Subject: I have found a DVD that I think you would enjoy
Actors: Arielle Dombasle, James Wilby
Director: Alain Robbe-Grillet
Genres: Indie & Art House, Drama, Horror, Science Fiction & Fantasy
A highly erotic, gothic mystery, in the style of Hitchcock's "Vertigo", from Alain Robbe-Grillet, writer of the Oscar-nominated "Last Year At Marienbad" and director of the notorious "Trans-Europ Express". — An English hist... more »
Gary Harris | Washington, DC | 09/02/2009
(5 out of 5 stars)
"This is an extraordinary film, an oneiric phantasmagoria capping Robbe-Grillet's career as a filmmaker. If you're new to his work, whether as a director or as a novelist, don't worry if you start off thinking it's the story of the discovery of some lost Delacroix sketches, then change your mind and see it as the story of a frame-up, and then change your mind again and take it for a psychological thriller, and then see it as a retelling of Madama Butterfly. (If you're not new to his work, you'll be expecting something like this.) It's all those things, and, while you won't be able to lay out the cause-and-effect relationships of all the pieces on graph paper, it nonetheless all coheres. The realism of classic storytelling--the Dickensian or Balzacian plot--has never had a place in Robbe-Grillet, but he offers instead a vision of reality beneath what we've trained ourselves to see day-to-day. In this he shows himself an heir of the Surrealists, and it's not for nothing that Gradiva's male lead is named John Locke. Indeed, one rather droll way of reading the film is as a critique of the sort of rationalism the flesh-and-blood Locke espoused. So approach this as a cinematic dream. (Indeed, pay particular attention to the little scene in which we learn all about the profession of dream acting, including how the government, while banning a great many things, still permits murders and sexual crimes to occur in dreams; Robbe-Grillet's sense of humor too often goes unnoticed.) The film does contain a good deal of sado-erotic imagery, but it's of a curious type, with none of that Dickensian realism to it, but rather the stuff of dreams, at least certain ones. Make of it what you will, but Robbe-Grillet never was a respecter of convention, and I suspect there is at least an element of épater le bourgeois to be had here."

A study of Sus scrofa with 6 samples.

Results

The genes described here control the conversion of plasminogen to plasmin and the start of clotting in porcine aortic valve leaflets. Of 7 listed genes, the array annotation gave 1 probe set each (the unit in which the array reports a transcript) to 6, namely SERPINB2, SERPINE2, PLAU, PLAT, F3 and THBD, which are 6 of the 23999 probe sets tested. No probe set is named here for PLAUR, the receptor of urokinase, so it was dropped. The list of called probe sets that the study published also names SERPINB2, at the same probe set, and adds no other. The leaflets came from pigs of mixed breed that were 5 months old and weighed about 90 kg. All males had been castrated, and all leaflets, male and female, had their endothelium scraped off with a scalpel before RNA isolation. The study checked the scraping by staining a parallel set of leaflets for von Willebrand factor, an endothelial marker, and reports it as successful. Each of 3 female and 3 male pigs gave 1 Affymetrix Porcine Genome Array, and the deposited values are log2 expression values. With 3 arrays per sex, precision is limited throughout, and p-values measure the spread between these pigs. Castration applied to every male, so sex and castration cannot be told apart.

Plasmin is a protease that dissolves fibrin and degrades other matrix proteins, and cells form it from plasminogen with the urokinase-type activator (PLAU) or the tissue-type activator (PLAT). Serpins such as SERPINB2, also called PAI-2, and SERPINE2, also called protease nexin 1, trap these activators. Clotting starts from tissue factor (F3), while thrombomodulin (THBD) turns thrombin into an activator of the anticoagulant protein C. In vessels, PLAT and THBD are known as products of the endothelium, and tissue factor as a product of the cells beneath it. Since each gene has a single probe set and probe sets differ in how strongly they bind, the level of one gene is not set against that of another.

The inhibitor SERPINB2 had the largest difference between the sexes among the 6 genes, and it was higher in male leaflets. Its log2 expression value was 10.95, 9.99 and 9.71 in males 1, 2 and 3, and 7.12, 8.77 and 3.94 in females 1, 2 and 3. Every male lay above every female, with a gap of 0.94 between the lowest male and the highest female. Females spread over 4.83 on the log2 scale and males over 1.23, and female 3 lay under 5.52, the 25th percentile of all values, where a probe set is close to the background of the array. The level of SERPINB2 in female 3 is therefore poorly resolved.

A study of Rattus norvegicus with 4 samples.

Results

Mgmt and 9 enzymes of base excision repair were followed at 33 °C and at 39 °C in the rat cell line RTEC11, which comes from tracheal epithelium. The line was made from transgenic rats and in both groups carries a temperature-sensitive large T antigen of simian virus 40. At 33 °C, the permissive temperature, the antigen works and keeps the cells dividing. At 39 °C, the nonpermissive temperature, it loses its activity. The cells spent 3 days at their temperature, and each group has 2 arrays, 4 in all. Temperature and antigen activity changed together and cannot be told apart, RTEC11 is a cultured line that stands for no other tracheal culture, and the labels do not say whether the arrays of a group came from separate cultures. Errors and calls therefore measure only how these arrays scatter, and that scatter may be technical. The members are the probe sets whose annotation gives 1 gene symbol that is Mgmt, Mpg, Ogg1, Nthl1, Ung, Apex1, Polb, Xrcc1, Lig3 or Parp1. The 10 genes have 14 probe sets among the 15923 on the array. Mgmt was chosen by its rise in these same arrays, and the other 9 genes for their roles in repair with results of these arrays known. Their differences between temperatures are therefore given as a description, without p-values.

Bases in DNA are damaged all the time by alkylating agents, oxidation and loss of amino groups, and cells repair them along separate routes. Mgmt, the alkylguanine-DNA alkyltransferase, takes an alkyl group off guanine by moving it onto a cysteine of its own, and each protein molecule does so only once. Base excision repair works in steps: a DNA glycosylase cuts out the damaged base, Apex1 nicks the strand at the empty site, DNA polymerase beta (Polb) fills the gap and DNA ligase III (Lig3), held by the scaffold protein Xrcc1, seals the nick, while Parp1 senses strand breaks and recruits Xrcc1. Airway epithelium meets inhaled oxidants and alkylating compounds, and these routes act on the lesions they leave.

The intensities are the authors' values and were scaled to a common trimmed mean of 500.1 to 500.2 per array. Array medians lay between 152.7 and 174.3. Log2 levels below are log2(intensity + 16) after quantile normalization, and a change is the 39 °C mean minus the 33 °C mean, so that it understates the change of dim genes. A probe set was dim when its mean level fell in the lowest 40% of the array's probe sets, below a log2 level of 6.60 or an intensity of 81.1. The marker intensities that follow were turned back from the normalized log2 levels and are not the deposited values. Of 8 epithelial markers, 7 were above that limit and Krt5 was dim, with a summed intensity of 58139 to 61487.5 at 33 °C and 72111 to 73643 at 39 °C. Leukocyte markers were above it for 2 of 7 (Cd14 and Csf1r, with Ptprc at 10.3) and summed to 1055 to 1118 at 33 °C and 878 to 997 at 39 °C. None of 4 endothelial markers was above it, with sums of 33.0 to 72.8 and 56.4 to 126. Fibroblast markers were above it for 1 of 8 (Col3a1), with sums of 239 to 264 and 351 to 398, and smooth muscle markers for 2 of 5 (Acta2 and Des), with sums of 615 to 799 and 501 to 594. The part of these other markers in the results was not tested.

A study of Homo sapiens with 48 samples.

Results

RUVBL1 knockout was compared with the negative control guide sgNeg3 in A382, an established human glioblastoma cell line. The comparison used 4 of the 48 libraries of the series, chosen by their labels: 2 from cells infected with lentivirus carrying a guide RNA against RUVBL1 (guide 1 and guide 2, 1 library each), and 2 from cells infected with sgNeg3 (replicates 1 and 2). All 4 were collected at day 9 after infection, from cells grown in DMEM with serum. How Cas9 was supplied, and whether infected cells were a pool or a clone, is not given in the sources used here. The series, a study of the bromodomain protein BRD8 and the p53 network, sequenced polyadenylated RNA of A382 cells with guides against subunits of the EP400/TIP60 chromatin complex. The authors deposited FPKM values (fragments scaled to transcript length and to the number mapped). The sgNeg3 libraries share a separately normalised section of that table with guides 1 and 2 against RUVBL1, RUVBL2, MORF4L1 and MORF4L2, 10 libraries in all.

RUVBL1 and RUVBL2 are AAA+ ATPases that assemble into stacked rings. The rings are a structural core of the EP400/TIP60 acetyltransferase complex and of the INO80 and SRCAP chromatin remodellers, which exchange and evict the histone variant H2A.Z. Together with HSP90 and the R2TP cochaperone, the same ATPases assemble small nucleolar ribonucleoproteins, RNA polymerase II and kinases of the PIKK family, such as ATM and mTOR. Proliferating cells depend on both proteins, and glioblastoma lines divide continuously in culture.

Cool atmospherics, circumambulatory story
The Tao of Netflix | Washington, DC | 12/03/2009
(3 out of 5 stars)
"This was an interesting French film shot in Morocco. From what I'm coming to learn as an ignorant American is that the French certainly appreciate erotic cinema, and this movie is no exception. In fact, the movie is primarily concerned with a more underground type of eroticism, looking at Arab/Moroccan sex slaves, torture (lightly), etc. The movie also explores a Frenchman investigating Delacroix (sp?) and his experiences in Morocco and a legendary French woman who may or may not have been his lover, who may or may not have been executed by Moroccans, and, further, who may or may not be a ghost haunting the Moroccan streets. Largely, that story takes a very backseat to the movie's visual displays of the ribald, which are, for the most part, very well done. There are strong atmospheric elements, with good camera work, lighting, scene composition, etc. The acting is at least passably good too. Overall, its really not about any particular story, but is an interesting visual evolution for the eyes, considering the great Moroccan visuals, the perverse eroticism, etc. A recommended rental for sure."